Monday, September 21, 2009

Rain and Steam

Not necessarily in any order.

Before I get to our trip to Swanbank ... It rained briefly last night. Tropical rains are so sensual. The big drops, the loud patter, the sweet odor. It reminds me of the best tropical rain I ever felt. On the Trobriand Islands in 1983 with my friend Ian. We had just arrived and set out for a walk. The rain arrived suddenly, heavy, warm, inundating. We just kept walking as children laughed an pointed from under banana leaves. We ended up in the closest thing to a town ... Losuia, I think ... drenched to the skin. But by the time we were back at the hotel, we were only damp ... as damp as you might be in the tropics if there hadn't been a rain.

That hotel in the Trobriands was owned by an Aussie ex-pat who had his ear glued most of the time to a short-wave radio with the footy on. Footy would be football, and my nephew Scott informed me today that it is spelled with a 'y' not an 'ie' as I had assumed. I enjoy Australian English ands train to hear its varieties as we wander about.

Wandering included a trip to Swanbank where we boarded a classic, restored steam train on Sunday, the Queensland Pioneer Steam Railway. A total hoot! The billowing black steam was the most 19th century part of the deal, but the cramped cabins, the beautiful wood, the unannounced stoppages ... it all made it so easy to imagine rail travel in another time when distance meant so much more than now. We waited in the torpid heat in our car, the Bonnie Dundee, on a siding as the crew prepared to offload one car and connect up to another ... reasons were not provided. This was in the middle of a bit of a railway graveyard, and all the slow decaying metal made me shutter-happy.

At some point we got talking about how much further away Australia was in the mid-70s when my sister first moved here. For good or ill, the world is contracting. That said, I still send three postcards wherever I go, and those are ready for the post some time today.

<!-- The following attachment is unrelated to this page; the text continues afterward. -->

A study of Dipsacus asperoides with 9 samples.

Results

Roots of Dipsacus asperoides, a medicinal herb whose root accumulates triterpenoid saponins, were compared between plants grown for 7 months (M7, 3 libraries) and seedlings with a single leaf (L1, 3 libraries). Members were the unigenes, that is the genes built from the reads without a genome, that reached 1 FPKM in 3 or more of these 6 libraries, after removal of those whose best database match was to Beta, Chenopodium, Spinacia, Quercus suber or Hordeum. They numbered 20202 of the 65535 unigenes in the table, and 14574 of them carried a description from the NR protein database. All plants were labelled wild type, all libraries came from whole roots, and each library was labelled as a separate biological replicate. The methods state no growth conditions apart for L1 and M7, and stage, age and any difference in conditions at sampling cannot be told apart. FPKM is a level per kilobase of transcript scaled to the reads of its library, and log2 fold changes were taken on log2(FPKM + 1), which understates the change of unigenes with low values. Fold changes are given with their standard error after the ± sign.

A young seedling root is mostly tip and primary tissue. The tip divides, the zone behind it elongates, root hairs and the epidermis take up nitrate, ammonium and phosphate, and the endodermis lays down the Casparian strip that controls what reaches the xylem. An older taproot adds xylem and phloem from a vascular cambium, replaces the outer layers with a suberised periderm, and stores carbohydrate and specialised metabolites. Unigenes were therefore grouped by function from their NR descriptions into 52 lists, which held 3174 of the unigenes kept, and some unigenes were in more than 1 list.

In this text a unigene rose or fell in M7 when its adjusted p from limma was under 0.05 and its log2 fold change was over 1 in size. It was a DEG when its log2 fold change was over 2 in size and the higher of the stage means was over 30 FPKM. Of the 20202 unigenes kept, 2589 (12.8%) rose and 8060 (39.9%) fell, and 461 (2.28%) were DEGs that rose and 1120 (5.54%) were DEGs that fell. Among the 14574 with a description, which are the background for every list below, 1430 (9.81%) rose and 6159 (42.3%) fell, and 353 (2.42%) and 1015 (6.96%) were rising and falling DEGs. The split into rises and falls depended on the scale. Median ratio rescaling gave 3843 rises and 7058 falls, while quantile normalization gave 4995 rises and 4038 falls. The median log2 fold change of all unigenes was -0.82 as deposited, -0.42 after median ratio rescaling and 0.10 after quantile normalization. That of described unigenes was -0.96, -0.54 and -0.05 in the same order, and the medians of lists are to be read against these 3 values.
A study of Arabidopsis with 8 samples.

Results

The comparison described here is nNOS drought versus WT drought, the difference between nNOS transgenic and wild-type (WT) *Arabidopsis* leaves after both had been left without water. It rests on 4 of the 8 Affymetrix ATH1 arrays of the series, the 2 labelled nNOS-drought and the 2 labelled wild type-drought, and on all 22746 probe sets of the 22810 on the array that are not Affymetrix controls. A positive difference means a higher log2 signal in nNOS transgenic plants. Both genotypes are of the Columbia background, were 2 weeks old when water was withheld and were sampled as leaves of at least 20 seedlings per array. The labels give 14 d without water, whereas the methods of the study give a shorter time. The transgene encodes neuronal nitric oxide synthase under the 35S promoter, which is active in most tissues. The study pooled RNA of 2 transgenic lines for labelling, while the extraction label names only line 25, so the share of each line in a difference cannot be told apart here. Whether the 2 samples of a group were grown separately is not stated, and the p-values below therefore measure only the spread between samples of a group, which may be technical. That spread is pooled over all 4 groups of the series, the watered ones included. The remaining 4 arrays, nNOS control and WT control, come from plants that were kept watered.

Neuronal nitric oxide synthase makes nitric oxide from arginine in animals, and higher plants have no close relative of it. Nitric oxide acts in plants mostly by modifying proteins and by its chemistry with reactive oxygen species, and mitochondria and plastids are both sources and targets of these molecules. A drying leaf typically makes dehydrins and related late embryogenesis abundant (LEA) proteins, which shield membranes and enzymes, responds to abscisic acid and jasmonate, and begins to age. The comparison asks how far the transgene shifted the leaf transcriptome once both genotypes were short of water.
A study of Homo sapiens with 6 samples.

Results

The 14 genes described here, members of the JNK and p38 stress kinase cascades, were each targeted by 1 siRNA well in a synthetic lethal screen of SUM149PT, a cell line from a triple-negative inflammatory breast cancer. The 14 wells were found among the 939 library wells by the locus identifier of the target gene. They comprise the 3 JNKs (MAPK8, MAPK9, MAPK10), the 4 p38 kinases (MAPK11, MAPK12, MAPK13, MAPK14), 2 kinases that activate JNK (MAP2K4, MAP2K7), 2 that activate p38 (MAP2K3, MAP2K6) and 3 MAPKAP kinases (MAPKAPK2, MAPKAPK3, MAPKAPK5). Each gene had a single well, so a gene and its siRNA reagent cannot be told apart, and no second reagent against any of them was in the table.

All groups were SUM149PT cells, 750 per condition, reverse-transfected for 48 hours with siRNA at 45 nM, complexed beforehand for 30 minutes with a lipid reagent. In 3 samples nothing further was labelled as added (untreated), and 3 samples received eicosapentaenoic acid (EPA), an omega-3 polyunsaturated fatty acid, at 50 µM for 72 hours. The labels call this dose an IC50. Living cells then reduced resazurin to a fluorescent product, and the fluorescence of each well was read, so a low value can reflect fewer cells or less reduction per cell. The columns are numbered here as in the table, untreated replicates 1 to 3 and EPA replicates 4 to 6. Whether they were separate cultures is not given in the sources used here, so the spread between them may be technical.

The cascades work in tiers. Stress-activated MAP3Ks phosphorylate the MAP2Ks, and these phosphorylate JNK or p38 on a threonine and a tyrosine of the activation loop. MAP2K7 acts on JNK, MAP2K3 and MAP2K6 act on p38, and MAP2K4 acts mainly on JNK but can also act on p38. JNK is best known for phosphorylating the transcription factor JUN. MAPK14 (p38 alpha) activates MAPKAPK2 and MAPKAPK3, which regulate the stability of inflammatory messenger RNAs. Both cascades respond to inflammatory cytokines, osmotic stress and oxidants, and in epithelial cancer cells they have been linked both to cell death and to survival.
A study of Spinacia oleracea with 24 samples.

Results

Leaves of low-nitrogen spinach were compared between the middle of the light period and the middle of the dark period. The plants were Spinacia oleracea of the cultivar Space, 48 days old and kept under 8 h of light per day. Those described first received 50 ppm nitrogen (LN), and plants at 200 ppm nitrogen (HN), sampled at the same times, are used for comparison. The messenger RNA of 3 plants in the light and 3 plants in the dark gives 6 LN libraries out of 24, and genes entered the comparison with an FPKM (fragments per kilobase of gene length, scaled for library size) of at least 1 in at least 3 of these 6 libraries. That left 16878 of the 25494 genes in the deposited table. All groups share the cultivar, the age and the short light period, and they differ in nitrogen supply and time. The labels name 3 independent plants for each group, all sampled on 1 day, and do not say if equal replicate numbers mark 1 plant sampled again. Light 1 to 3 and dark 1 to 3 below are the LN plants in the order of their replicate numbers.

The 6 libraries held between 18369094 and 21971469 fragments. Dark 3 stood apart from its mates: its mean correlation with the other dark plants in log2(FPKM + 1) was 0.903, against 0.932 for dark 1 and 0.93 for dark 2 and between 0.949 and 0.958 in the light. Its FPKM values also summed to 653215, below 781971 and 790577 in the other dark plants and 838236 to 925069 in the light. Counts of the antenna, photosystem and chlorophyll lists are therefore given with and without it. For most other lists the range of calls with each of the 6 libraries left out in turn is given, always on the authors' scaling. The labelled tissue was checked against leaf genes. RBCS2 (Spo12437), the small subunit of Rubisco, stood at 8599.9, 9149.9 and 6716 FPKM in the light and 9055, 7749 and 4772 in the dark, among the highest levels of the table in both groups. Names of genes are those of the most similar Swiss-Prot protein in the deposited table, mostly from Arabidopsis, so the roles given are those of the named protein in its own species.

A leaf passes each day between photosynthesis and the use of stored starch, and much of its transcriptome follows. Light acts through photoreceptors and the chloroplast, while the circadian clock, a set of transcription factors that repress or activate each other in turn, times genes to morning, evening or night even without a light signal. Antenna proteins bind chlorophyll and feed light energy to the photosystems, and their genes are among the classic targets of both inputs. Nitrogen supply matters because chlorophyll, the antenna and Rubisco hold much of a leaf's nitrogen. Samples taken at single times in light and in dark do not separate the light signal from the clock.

Gonna take a break and make some coffee ... no matter that I am half a world away from home, I am still bolt awake at 5!

As I say, we sat in the Bonnie Dundee, and we were the only group without wee children. One said children was a messy looking little girl who was not squirm-free for more than a flash the entire journey. She particularly liked hanging out of the window, and her father, a hale-fellow-well-met lad of a man, only occasionally saw fit to haul her back in. Mother and I, sitting together right behind, cringed in unison. I mentally timed my leap across the seat in front of me to see if I could retrieve her from disaster. Her accompanying young brother, in the care of what appeared to be the grandfather was more the muttering type whose excursions were limited to purposeful trips up and down the aisle. Even so, he was more than once perilously close to tumbling off the balcony. What a grump I am ... I wish there were options for child-free outings ... or at least outings where the children where sworn to the seen-not-heard standard of yesteryear for which I loudly hanker.

So after the train ride, we went into Ipswitch, an old mountain working class town that is feeling the pressure of gentrification. It is a straight-shot train ride to downtown Brisbane, but it still has that old small-city charm. I can see why people would want to live here, notwithstanding that the lack of ocean breezes makes it hotter by day and colder by night than the coast.

We went to the Ipswitch RSL ... Returned Servicemen's League, I think ... for lunch. It seemed such a characteristically Australian place. A club, with membership and special rules for non-member entrance. A bar, a buffet, food to order, entertainment, and slots. The club funnels its profits to assorted community ventures. There was an enormous old guy propped up on a stool at the bar, and it was obvious that here was his spot which he guards with dull alacrity day in and day out. The underlying socialism of this decidedly capitalist country is part of that secret conspiracy of which I spoke a day or two ago. All the Aussies get it, and you have to admire it ... but I'm not quite in on the punchline. Back to the prosaic ... enormous feed, hearty food. I erred in having a bourbon on the rocks as I was ready for bed for the rest of the day.

Photos by Arod. I am uploading a whole lot of them to Flickr as I write this, and will add the link here when the upload is done.